Steven Sloan spent three hours at the home of one elderly couple, refused to take a deposit by cheque and told another customer the price would go up unless she paid £2,750 immediately for a reclining chair.
The director of Coventry-based Recline Limited arranged home visits after setting up a pop-up stand in Telford Shopping Centre.
Sloan, 50, had initially denied any wrongdoing and a trial was started.
It was halted when he subsequently admitted an offence of engaging in prohibited and unfair commercial practice by attempting to elicit an immediate decision and threes offence of engaging in commercial practice that contravenes professional diligence in June 2017.
At a sentencing hearing at Shrewsbury Crown Court he was fined £6,500 and ordered to pay £3,875 compensation and costs of £7,500.
Judge Anthony Lowe said: "These were commercial offences, but should not be looked at simply as commercial offences because of the type of people that you were dealing with. On the other hand this was financially motivated and part and parcel of your efforts to achieve sales. Pressure was put on elderly and vulnerable people.
"That pressure was for financial gain. It is a well known fact that people of that age worry terribly about money. They become less sure of what to do."
"You used attritional sales techniques. You stayed on in order to get a sale. You have show no remorse and little acceptance of responsibility," the judged added.
The court heard that Sloan had assets including a caravan that he was advertising for sale at £23,995 and a £600,000 property.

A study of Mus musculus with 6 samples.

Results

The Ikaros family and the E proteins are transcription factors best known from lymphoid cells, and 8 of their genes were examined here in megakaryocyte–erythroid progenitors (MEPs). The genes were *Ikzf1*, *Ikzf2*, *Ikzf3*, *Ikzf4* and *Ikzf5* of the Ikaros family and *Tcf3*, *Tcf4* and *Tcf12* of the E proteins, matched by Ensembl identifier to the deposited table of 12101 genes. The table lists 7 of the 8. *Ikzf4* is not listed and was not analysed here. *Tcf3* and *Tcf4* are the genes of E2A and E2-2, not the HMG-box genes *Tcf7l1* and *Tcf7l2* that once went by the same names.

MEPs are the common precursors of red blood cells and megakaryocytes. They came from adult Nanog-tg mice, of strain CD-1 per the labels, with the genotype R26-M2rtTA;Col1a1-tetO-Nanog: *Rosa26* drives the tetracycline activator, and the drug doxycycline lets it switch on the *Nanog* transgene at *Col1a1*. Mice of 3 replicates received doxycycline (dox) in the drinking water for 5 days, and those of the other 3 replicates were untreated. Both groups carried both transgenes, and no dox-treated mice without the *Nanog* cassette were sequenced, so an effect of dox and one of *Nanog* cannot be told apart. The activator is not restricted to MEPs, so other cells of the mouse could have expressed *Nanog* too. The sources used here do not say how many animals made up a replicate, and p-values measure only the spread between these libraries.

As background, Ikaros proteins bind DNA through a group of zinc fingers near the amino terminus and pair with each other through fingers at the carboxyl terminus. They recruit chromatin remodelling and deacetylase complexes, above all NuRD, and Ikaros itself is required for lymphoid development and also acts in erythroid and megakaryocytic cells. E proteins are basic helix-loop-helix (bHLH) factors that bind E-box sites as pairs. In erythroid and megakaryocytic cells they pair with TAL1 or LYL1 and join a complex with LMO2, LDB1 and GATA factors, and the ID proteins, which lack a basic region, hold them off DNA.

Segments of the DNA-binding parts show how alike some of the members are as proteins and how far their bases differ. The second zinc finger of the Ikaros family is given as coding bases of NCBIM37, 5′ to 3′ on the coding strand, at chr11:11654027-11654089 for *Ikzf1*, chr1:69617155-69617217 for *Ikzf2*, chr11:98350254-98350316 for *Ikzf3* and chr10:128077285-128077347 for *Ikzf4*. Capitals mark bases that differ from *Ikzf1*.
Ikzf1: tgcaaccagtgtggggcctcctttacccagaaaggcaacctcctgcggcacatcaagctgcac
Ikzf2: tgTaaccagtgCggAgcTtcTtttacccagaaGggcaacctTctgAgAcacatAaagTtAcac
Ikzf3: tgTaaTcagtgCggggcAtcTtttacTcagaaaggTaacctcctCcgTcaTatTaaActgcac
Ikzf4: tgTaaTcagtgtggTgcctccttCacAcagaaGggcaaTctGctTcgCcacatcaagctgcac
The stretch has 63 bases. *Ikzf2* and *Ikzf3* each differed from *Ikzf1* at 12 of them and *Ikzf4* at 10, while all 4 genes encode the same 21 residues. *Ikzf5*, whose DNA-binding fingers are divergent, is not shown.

Miss Debra White, mitigating for Sloan, said the actual loss to the victims were the deposits of £2,500 and £1,375. She said he planned to sell the caravan to cover his liabilities to the court.
'Crossed the line'
At a previous hearing Mr Kevin Saunders prosecuting on behalf of Shropshire Council's trading standards unit, said the intended market for the reclining chairs were generally elderly and vulnerable people who should be treated in the correct manner so that potential customers did not feel pressured in their own homes to make a decision.
He said Sloan broke regulations by using dishonest sales methods, stating that he “crossed the line”. He asked one lady for £2,750 and said if she didn’t make a decision immediately it would mean an extra £350. In another case he stayed at the home of one elderly couple for more than three hours in the evening before the contract was made.
Sloan, from Stratford-upon-Avon, must pay a total of £17,875 by April 17 or serve four months in jail in default.
Shifnal victim Bridgid Brazier, 77, a retired housing support officer, attended the hearing on Thursday.
Speaking to the Shropshire Star afterwards Mrs Brazier said: "I am really pleased that it's over. It's taken a long time to get to this point which has been upsetting.
"I now feel vindicated following the trial where I felt I was being made out to be a liar which upset me the most in all this.
"Sloan said that I hadn't asked him if I could have some time to discuss the purchase with my son before I signed anything.
"I had seen him in the shopping centre at Telford and he visited me at home by appointment. He told me what the chair was like, but I got a bit upset when he mentioned my husband who had recently moved to a care home.
"I don't think I would have signed the paperwork otherwise. I just wanted to get him out of my house at that point and I signed it.
"I spoke to my son Leonard after he left and he told me he was concerned that something wasn't right about what Sloan had done. He got in touch with Trading Standards and they came to see me.
"I was vulnerable at the time.
"I feel quite sorry for the other lady affected by this case because her husband has died before they could get their money back.
"However, I can honestly say that the prosecutor and the Trading Standards staff have been really brilliant."